Facebook’s (NasdaqGS: FB) initial public offering last year was a disaster but that didn’t stop First Trust US IPO Index ETF (NYSEArca: FPX) from handily beating the market in 2012. The ETF nearly doubled the return of the S&P 500, gaining 30.5% compared with a 16% advance for the blue-chip index, according to Morningstar.
“The fund’s year-to-date returns are markedly better than if an investor was able to buy every IPO in the U.S. this year at the offer price and hold it, a strategy that would have netted a 17% return through Thursday,” according to Renaissance Capital, IPO research and investment firm.
There are about 1,000 domestic and international equity ETFs currently trading, with FPX the lone IPO-focused fund available on the market, reports Chris Dieterich for The Wall Street Journal. [Facebook: Which ETFs Will Like It]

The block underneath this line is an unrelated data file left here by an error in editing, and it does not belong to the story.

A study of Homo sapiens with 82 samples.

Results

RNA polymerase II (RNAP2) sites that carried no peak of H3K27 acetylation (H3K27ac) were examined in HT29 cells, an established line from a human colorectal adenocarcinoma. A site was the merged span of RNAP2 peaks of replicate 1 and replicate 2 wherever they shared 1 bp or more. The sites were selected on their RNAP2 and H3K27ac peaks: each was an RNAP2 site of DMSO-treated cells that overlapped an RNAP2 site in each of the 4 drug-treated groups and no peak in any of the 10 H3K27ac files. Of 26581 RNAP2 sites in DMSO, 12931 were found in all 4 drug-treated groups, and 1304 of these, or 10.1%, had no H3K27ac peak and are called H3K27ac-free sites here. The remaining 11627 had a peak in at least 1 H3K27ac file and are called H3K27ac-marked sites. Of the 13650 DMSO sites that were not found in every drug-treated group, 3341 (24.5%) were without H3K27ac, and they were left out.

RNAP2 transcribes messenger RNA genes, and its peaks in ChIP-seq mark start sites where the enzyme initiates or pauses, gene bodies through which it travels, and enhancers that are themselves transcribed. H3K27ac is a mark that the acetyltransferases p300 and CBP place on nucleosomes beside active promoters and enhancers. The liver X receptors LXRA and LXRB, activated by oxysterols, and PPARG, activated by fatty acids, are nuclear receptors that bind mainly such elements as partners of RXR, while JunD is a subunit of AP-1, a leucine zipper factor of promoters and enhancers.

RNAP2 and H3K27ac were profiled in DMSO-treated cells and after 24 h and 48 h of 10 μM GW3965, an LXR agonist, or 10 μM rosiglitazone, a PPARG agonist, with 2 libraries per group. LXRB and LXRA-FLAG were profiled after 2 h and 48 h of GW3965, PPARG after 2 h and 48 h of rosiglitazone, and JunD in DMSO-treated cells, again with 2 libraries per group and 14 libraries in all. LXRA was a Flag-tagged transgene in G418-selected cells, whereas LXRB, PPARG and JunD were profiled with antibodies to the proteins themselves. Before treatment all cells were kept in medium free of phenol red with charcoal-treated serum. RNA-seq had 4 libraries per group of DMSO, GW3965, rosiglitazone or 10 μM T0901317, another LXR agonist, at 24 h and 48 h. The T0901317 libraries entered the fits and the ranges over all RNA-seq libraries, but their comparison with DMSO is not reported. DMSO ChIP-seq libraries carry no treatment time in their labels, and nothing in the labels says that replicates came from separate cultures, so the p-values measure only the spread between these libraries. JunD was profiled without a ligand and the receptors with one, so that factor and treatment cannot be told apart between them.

Overall data has proven that the market performance of many IPO’s tend to lag. Data by Jay Ritter, finance professor at University of Florida found that between 1970 and 2010, IPO’s trailed equities on a 3.3% average five years after issuing shares, minus the first day gain, reports Dieterich. [Facebook Enters Social Media ETF]
Select smaller IPOs that fly under the radar do seem to create impressive total returns for investors willing to invest in new businesses as they go public, reports ETA Base.
The success of FPX has to do with the tracking benchmark’s selective process. The spinoffs within the index are not cash-hungry start-ups, rather they are big holdings from established companies. For example, Phillipps 66 (NYSE: PSX), Visa Inc. (NYSE: V), General Motors Co. (NYSE: GM) and Facebook (NasdaqGS: FB) are all included. [Tom Lydon Says Facebook to Join These ETFs]
FPX launched in 2006, and has about $21.4 million in assets under management. The expense ratio is 0.60% and the ETF has a 1.75% yield. [ETF Chart of the Day: IPOs]
First Trust US IPO Index ETF
Tisha Guerrero contributed to this article.
The opinions and forecasts expressed herein are solely those of Tom Lydon, and may not actually come to pass. Information on this site should not be used or construed as an offer to sell, a solicitation of an offer to buy, or a recommendation for any product.